A red flag for another housing bust?

by Ryan Smith14 Jul 2016
It’s been nearly nine years since the housing market collapse helped drive the country into recession – and RealtyTrac’s Daren Blomquist worries that history might be repeating itself.

RealtyTrac data shows a record share of foreclosures – 31%– were bought by third-party investors in June, according to a Bloomberg report. It’s an echo of the kind of speculation that helped inflate the housing bubble in the early 2000s – an echo that Blomquist sees as a red flag.

Many of the third-party buyers who are snapping up foreclosures are “mom and pop” investors with little experience, Blomquist told Bloomberg. Meanwhile, institutional investors are leaving the market.

“It’s somewhat counterintuitive – as the market gets better and there are fewer foreclosures available, demand for those good deals, those bargains in the market goes up,” Blomquist said. “When you see this high percentage of the properties going to third-party investors, that is a sign that these speculators may be over-inflating the market.”

Foreclosure auctions are making up a smaller and smaller share of all home sales, according to Bloomberg. In June, they accounted for just 8% of home sales, the lowest since August of 2006. And third-party investors are taking a larger and larger share of that shrinking market.

Institutional investors, meanwhile, accounted for about 38% of investor purchases at foreclosure auctions last month, according to Bloomberg. That’s down from a steady rate of around 50% in the first five years of the economic expansion. That decline in institutional investors was an early warning of the last downturn, as more experienced buyers fled the market, according to Bloomberg.

“Their analytics are telling them it’s not a good time to buy – that’s definitely another red flag that they’re pulling back at the same time as the less savvy investors are ramping up,” Blomquist told Bloomberg. “…The pressure is building in the pressure cooker, and at some point that’s going to need to be released.”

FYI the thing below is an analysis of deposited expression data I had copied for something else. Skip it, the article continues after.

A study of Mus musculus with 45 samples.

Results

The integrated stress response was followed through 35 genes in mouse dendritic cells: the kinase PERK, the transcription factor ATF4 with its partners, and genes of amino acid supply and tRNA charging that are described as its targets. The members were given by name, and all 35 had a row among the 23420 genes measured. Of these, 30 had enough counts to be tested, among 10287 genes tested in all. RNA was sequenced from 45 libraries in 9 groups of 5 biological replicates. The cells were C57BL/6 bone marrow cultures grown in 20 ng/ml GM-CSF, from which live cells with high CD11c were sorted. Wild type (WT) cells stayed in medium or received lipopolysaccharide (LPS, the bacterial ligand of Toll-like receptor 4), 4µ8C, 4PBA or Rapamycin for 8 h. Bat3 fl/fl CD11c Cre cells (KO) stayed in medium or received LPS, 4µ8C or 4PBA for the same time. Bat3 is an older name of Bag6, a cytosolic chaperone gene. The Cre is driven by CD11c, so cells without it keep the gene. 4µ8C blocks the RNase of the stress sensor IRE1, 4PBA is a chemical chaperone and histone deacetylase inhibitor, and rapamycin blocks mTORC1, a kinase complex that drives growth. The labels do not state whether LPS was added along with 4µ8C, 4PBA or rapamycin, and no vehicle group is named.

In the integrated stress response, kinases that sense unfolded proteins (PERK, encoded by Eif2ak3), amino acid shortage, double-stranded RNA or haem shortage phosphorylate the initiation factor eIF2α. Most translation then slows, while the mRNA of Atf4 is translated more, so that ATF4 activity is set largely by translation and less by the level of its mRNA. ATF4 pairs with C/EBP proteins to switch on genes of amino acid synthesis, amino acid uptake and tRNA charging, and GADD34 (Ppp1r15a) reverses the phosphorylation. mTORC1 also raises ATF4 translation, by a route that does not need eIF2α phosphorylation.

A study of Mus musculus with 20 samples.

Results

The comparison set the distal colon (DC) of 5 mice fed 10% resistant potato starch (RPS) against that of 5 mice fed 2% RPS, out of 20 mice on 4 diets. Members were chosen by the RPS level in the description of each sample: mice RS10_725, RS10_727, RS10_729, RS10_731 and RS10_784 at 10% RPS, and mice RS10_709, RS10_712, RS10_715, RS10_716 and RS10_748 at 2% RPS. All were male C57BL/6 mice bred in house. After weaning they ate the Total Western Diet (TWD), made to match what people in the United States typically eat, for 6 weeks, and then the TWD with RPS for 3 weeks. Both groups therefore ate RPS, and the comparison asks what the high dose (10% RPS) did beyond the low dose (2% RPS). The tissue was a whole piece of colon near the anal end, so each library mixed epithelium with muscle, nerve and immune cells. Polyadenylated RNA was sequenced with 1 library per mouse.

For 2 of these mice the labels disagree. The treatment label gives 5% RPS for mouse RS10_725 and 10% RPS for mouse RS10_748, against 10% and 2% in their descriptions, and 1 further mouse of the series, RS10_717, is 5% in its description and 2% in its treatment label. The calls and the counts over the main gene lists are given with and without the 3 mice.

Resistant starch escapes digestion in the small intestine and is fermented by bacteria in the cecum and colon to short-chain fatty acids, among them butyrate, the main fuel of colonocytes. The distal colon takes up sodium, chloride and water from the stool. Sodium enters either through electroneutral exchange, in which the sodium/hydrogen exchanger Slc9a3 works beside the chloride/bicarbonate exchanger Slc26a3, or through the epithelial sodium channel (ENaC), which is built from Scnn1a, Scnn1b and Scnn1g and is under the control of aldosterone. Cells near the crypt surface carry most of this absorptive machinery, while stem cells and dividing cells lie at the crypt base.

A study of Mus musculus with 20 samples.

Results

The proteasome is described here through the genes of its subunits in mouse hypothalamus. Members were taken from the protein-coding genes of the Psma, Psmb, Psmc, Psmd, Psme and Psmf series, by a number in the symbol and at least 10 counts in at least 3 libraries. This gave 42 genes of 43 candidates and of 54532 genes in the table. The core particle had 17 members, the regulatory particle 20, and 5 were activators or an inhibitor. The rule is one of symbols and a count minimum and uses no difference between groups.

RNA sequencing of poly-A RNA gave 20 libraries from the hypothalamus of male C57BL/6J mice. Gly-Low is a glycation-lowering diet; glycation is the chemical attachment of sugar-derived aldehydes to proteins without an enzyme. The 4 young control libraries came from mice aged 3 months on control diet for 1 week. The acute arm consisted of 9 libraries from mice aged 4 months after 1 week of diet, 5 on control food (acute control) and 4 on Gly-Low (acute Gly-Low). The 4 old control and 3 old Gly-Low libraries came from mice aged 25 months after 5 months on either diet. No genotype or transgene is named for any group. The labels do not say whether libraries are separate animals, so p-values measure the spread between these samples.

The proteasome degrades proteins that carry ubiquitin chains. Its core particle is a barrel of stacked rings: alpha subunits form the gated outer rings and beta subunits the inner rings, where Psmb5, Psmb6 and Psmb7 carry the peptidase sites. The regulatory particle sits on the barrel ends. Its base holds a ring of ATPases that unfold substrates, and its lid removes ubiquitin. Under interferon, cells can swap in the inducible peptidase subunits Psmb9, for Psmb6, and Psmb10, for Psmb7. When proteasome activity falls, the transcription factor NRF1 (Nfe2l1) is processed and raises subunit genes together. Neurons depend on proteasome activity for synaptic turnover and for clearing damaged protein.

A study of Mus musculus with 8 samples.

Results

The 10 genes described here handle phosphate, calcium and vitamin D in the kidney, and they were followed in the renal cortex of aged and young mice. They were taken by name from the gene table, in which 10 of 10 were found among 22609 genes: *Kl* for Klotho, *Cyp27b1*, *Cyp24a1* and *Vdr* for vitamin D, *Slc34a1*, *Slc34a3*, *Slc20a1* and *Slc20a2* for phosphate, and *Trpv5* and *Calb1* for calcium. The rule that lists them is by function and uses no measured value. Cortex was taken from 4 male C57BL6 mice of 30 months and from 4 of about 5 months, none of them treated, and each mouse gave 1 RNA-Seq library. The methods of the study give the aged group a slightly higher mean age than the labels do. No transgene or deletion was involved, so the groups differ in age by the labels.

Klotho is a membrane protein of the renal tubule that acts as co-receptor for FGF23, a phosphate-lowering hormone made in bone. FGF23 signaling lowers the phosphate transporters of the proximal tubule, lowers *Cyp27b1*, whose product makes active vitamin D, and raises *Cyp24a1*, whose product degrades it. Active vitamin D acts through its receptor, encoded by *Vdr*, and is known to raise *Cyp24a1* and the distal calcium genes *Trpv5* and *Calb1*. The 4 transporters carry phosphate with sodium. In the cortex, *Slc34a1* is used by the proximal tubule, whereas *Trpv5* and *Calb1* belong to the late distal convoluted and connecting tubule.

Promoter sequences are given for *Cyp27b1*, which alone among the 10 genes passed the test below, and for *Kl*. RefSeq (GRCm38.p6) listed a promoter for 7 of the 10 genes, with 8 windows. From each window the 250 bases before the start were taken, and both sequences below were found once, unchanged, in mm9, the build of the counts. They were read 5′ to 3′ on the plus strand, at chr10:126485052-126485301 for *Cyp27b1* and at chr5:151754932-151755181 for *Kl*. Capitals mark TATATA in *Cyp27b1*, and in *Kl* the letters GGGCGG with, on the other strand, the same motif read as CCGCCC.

He told Bloomberg that investors shouldn’t expect an overnight change. However, “probably not in the next month or two but in the next couple of years,” a downturn should set in.

Blomquist stressed that the housing market looked great right now, and a rise in speculation by non-professional investors was really just an early warning sign.

“Real estate is cyclical – it’s not this steady upward trend,” he said.
 

COMMENTS

  • by Been Through This Before | 7/14/2016 12:34:30 PM

    Disagree. After Dodd Frank, TRID and tons of additional regulation in the mortgage world, this time through "Mom and Pop" investors are required to fully document their income and assets, and prove that they have employment to support their investments. Not the same.

  • by Griff | 7/14/2016 12:49:24 PM

    In my neck of the woods a housing bust is not beyond happening. I'm starting to see some asking prices lowered. I've seen homes in the last 9 months or so sell for 40% more, and even double what they would have a year ago. I would not want to be someone buying those homes.

  • by SBHarkness | 7/18/2016 3:42:15 PM

    Griff, what "neck of the woods" are you from as you say. I live in a town called Bremerton that is 17 miles west of Seattle. At the start of Spring last year in Kitsap County where I live we had 1000 more listings than we do this year. This causes me to raise an interested eye. You see in Kitsap County you have to look at what the median wage then compare that to home prices. Just 17 miles East in Seattle a home that would sell here for the mid to upper 200's would sell in Seattle for the middle to upper $500's. The key factor is a body of water called the Puget Sound that separates Seattle from Bremerton. It takes one hour to commute by ferry and by car...........forget about it. We have some traffic here that is as bad as anywhere in the Country. Also, in Seattle the type of jobs that are available allow young couples to pay the prices asked for the homes. However, I am watching vigilantly. That's why I am asking about home prices and where you live.